The meaning of abortion cards
“America needs no words from me to see how your decision in Roe v. Wade has deformed a great nation. … It has aggravated the derogation of the father’s role in an increasingly fatherless society. It has portrayed the greatest of gifts—a child—as a competitor, an intrusion, and an inconvenience.” —Mother Teresa, Wall Street Journal, 2/25/94, p. A14
OK, this one takes the proverbial cake. There’s a Bay area nonprofit organization by the name of Exhale which offers post-abortion counseling. As its Web site (www.4exhale.org) puts it, they can “meet women’s after-abortion needs, provide an alternative to politically motivated counseling agencies and create awareness that abortion, and having feelings afterward, is normal in the reproductive lives of women and girls.”
What is so staggering is not that this group offers up counseling. No, they’ve gone one better. They offer greeting cards. Seriously. Greeting cards. Specifically, e-greeting cards for those who’ve had abortions.
One card expresses “sympathy for your loss.” Another expresses encouragement: “I think you did the right thing.”
Still another expresses these thoughts: “I want you to know that I care about you and how you are feeling.” And the spiritual card proclaims that “Healing is possible.”
Well, isn’t this just special? Abortion has officially become a “Hallmark moment.”
Lemme see. We’re at Roe v. Wade‘s 34th year and counting. Roe v Wade, for the uninitiated, would be the made-up constitutional right wherein the United States Supreme Court ruled that a woman may terminate her pregnancy. Unless, of course, you’re an illiterate and otherwise deranged liberal (or feminist), in which case Roe v. Wade really means a woman’s unfettered right to an abortion. (Forget the language in the ruling, we know what the high court really meant.)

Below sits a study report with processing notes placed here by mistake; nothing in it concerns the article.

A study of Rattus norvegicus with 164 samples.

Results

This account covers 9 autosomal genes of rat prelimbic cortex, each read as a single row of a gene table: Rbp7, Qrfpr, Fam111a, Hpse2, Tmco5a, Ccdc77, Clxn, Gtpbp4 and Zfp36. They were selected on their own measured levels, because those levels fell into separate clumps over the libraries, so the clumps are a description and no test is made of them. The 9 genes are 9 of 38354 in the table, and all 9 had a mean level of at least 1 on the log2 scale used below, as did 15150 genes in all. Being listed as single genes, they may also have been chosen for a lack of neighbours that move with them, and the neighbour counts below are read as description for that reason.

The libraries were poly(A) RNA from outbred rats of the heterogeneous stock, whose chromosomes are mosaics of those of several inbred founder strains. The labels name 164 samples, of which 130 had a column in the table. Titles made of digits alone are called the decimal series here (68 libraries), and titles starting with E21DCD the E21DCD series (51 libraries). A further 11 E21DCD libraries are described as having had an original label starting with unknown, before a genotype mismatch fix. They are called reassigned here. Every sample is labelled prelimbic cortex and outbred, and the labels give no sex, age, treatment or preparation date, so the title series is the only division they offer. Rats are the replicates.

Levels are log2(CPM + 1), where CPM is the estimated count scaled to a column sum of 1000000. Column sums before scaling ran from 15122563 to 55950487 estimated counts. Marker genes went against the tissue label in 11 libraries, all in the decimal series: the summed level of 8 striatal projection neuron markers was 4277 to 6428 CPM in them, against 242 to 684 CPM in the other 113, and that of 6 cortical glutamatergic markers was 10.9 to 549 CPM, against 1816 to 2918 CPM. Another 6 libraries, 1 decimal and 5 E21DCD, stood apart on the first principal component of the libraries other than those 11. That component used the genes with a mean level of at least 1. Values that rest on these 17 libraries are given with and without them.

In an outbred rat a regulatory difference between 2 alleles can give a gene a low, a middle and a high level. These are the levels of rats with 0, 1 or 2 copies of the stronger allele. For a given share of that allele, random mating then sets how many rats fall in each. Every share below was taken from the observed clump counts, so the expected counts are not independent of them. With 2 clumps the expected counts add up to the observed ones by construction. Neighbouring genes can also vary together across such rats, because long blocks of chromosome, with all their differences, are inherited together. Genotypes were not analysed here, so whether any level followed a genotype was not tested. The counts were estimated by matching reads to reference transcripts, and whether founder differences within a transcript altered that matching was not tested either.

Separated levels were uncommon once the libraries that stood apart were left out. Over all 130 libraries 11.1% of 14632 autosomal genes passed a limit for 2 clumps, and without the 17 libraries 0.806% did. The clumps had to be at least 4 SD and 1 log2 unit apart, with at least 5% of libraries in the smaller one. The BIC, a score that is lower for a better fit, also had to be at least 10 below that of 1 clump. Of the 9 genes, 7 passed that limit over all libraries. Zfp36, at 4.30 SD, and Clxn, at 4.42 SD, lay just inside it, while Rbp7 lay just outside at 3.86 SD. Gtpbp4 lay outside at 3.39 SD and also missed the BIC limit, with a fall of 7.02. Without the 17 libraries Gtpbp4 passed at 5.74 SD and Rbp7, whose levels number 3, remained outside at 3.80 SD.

But I digress. While abortion on demand is touted as the supreme law of the land among liberals, why all the hoopla for greeting cards and sensitivity? If an abortion is simply the removal of undeveloped cells—and not, say, infanticide—then what’s the big deal? If it’s a woman simply exercising her God-given right, why the “sympathy” and for what “loss?” What spiritual healing is required?
I mean, come on. Since when does one need grief counseling for exercising their constitutional rights? You don’t see this among gun owners. Or others exercising their constitutional rights. Or is there something else behind all this sensitivity and grief? Like say, abortion is a tragedy?
You see, you can’t say it’s a tragedy “but.” The “but” being that abortion should still stay legal. The reason is that the word “but” is the operative of the backspace button. It deletes everything else that has come before it.
So if abortion is a tragedy, or causes grief, then you can’t make a coherent argument to retain it (although, doubtlessly, some will try).
Curiously, however, Exhale had this to say about their counseling services: “At Exhale, we believe there is no ‘right’ way to feel after an abortion. We also know that feelings of happiness, sadness, empowerment, anxiety, grief, relief or guilt are common. Abortion can be hard to talk about, and finding the right person to talk with can be even harder. Exhale provides the opportunity to talk with someone that supports and respects you, in a safe and confidential environment.”
Once again, if there’s no “right” way to feel, then why the need for the cards?
Perhaps more poignant is that there aren’t any cards for the father who has no say in the matter.
Which perhaps brings us back to Mother Theresa.